YOUR INVESTMENTS: Inflation/deflation and your portfolio

As inflation rises, every dollar you own buys a smaller percentage of a good or service.

By AARON KATSMAN
August 18, 2010 23:32
4 minute read.
Aaron Katsman

Aaron Katsman 58. (photo credit: Courtesy)

 

In fact, to escape the global economic slowdown, the United States, and almost every other country, is printing money around the clock to pay for the trillions of dollars in new government spending. Had you asked an economist a couple of years ago what would happen if the government printed money like this, you would have been told that inflation would be the result.


What is inflation?

Inflation is defined as a sustained increase in the general level of prices for goods and services. As inflation rises, every dollar you own buys a smaller percentage of a good or service.

Funny enough, not only has inflation not materialized, but the same economic pundits predicting its arrival are now worried about deflation as the big economic hurdle of our time. Deflation is a decrease in the general price level of goods and services and results in an increase in the real value of money, allowing one to buy more goods with the same amount of money.

How did this reversal of fortune happen? According to the San Francisco Chronicle: “The first thing that happened was a recovery that wasn’t really a recovery. The United States has had a number of jobless recoveries over the past 20 years, but this one has been particularly dire and persistent. National unemployment continues to hover at 9.5 percent, and a fuller picture of unemployment and underemployment shows a full 16.5 percent of the workforce in need of a paycheck. Inflation isn’t possible when people don’t have any money to spend.”



What should we do?

It actually appears that we have both inflation and deflation happening simultaneously. Food and grain prices are moving higher, signaling inflation, but with little in the way of consumer spending or a pickup in employment, deflation seems to be the order of the day.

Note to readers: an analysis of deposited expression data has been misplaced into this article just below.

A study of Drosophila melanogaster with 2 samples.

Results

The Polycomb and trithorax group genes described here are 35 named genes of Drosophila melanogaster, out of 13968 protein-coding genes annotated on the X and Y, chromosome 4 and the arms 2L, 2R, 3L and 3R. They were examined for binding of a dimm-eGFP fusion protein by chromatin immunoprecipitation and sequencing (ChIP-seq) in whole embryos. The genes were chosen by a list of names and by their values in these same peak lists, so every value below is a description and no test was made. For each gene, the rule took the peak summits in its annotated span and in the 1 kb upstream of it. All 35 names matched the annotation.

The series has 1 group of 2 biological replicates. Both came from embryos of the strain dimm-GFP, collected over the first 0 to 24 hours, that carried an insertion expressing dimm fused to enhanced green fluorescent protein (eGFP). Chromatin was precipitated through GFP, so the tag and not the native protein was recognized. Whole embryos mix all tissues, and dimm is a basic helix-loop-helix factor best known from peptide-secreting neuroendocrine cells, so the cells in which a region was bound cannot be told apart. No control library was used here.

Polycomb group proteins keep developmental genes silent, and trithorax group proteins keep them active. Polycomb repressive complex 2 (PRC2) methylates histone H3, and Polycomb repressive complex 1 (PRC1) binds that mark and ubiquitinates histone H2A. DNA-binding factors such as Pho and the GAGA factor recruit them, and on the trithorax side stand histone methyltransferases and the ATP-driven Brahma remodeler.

Confronting deflation

It’s clear from the recent market volatility that investors are unsure if inflation or deflation is going to win out. For investors there are things that can be done in both the short term and the long term to protect your portfolio against inflation and deflation.

For the next 12-16 months, I believe the focus will be on deflation. As such, investors may want to look at short term corporate bonds as an alternative to cash. Though you may only receive a yield of 1.5%-3% per year, in a deflationary climate, that is a very good investment. Remember, this would mean you have increased your purchasing power by this amount.

Secondly, preferred stocks with much higher yields also can be incorporated into your portfolio, but be sure to keep your finger on the sell trigger, because once interest rates start moving higher, preferred stocks can potentially drop in value.

Thirdly, in deflationary times, the US dollar is viewed as a safe haven.

Confronting inflation

Once the economy stabilizes and starts to grow again, then investors should be on the lookout for inflation. No government can constantly print money and create unsustainable debts and escape some kind of inflation. As a hedge for inflation, investors can look to invest in gold, which is probably the most popular inflation hedge.

According to Blanchard Economic Research: “Gold is renowned as a hedge against inflation. The most consistent factor determining the price of gold has been inflation – as inflation goes up, the price of gold goes up along with it. Since the end of World War II, the five years in which US inflation was at its highest were 1946, 1974, 1975, 1979 and 1980. During those five years the average real return on stocks, as measured by the Dow, was -12.33%; the average real return on gold was 130.4%.”


If inflation were to take hold, the US dollar would probably take a big hit. As such, foreign-currency bonds (i.e., nondollar bonds) would be a good hedge against a falling dollar. These bonds offer higher interest rates than the dollar, and their local currencies would appreciate against the dollar, allowing for capital appreciation as well.

aaron@lighthousecapital.co.il

Aaron Katsman is a licensed financial adviser in Israel and the United States who helps people open investment accounts in the US.